Bridgestone Launches Research Project to Develop a Sustainable Source of Natural Rubber
Bridgestone Corporation (BSJ) has announced the Bridgestone Group’s plans for an extensive research project in the United States dedicated to developing Guayule as a commercially viable, renewable source of high-quality natural rubber and as an alternative to the Hevea tree.
Guayule (pronounced Why-u-lee) is a perennial shrub native to the southwestern United States and northern Mexico and it produces natural rubber in its bark and roots, which has almost identical qualities to the natural rubber harvested from Hevea trees, which is currently the primary source for the natural rubber used in tyres.
This project is being conducted by Bridgestone Americas Tyre Operations (BATO) in collaboration with BSJ.
“This is such an exciting and innovative project. It will not only help our companies meet the strong, anticipated growth in demand for natural rubber, but also constitutes a potential breakthrough for the rubber industry,” said Bill Niaura, Director of New Business Development for Bridgestone Americas, Inc. (BSAM).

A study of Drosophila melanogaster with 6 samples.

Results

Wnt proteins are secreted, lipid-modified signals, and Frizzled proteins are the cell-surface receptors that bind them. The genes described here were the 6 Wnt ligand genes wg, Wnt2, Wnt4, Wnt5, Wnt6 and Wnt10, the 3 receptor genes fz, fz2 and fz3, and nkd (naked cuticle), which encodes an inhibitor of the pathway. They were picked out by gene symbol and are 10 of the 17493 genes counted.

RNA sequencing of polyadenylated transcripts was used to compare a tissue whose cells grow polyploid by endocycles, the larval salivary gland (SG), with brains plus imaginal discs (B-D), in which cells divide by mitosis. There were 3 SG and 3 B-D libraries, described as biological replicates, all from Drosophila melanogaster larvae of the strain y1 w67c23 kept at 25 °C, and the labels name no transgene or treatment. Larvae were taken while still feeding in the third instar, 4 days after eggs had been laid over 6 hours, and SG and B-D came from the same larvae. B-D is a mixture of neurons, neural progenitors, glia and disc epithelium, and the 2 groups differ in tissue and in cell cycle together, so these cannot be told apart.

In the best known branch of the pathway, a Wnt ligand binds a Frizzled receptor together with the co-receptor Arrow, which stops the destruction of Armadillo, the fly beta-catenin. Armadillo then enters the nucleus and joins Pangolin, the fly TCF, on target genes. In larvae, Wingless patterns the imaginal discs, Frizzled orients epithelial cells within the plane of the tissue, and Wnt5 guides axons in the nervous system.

“This project demonstrates our commitment to environmental stewardship and sustainability through its potential to develop a renewable resource for natural rubber that can be grown, harvested and processed closer to market.”
The Bridgestone Group will leverage the knowledge and experience it gained through its participation in a Guayule research project with the US Department of Agriculture from 1988 to 1991, which focused on extracting rubber for tyres from the biomass of Guayule, in this new project.
The successful commercial development of Guayule will diversify the source of natural rubber for the tyre and rubber industry and reduce today’s heavy reliance on “Hevea Brasiliensis,” which has a limited growing area restricted to tropical climates close to the equator. By contrast, Guayule is native to desert climates with a huge potential growing area.
BATO expects to finalise a location, establish the research farm and begin construction on the process research centre later this year, with the facility expected to be fully operational in 2014. Trial rubber production should start in 2015.